Desalinated water starts flowing in Victoria
The first water from the Victorian Desalination Plant, located in the seaside town of Wonthaggi, has begun to flow into the Cardinia Reservoir. The plant was originally announced in June 2007 and was completed in December 2012, though it was only recently called into service.
Melbourne’s water storages have fallen by 97 GL, or 5.3%, since December last year. Rainfall across the four main catchments is currently 23% below the 30-year average, with 10 out of the last 12 weeks recording below average inflows into Melbourne’s storages. The latest Bureau of Meteorology data shows temperatures in March will be well above average and rainfall at a decade-long low, while climate modelling suggests there is an increased chance of El Niño forming later this year.
The benefits of the plant are thus expected to reach well beyond Melbourne, bringing water security to communities across regional Victoria. It will also bring extra security in the future to communities like Korumburra in South Gippsland, which is set to face water restrictions.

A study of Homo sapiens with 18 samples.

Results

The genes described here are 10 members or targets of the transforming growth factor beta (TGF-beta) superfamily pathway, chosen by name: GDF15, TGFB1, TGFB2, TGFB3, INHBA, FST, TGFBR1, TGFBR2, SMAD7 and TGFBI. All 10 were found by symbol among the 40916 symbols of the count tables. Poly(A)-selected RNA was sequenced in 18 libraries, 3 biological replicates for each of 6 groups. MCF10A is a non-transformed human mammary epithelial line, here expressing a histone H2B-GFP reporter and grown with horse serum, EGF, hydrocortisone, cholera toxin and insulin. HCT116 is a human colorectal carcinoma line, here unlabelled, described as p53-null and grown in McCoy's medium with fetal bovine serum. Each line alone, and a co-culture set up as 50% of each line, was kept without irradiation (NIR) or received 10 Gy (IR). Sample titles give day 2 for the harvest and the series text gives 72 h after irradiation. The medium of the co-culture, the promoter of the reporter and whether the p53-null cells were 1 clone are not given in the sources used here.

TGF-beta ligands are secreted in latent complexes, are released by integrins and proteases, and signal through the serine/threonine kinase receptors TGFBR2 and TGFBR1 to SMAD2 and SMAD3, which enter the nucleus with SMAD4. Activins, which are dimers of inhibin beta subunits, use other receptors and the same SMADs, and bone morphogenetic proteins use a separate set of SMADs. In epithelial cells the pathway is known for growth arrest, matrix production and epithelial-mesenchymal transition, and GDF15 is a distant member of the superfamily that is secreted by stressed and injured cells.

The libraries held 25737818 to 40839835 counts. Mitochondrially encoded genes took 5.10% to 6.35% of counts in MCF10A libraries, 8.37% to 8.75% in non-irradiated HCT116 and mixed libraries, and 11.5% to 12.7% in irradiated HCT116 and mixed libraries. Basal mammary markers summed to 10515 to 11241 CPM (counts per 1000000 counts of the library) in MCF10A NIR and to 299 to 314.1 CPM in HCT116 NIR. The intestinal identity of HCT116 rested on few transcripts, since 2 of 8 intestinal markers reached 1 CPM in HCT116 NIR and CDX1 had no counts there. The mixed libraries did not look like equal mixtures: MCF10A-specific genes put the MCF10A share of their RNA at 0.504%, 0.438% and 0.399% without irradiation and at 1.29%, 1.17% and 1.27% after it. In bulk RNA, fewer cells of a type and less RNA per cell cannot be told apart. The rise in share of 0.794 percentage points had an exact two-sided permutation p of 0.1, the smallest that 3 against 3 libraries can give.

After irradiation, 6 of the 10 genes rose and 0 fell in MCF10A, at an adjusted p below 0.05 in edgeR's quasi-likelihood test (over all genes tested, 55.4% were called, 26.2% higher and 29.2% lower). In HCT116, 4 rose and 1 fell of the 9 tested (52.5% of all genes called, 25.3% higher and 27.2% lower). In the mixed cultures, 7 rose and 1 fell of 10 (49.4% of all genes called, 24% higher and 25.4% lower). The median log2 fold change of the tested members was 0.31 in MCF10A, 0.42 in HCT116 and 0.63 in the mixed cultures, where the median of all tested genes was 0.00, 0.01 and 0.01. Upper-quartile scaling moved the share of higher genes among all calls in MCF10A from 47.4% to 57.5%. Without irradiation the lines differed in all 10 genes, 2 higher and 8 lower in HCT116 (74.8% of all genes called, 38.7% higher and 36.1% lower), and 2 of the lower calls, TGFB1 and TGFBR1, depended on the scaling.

Based on a similar initiative in South Australia, Victoria will introduce a minimum annual water order from the desalination plant to be reviewed in three years, ensuring continued water security, better plant management and more steady prices for customers. Victorian Minister for Water Lisa Neville has also confirmed that water customers will not face additional charges on their water bills for this year’s 50 GL water order or the subsequent three minimum water orders.
“We’ve learnt the lessons from the millennium drought and this secures our water supplies at a time when our reserves are decreasing,” said Neville.
“The plant was not built to be turned on just when our water supply reached critical levels; instead its aim is to make sure that our supply doesn’t fall to those levels in the first place.”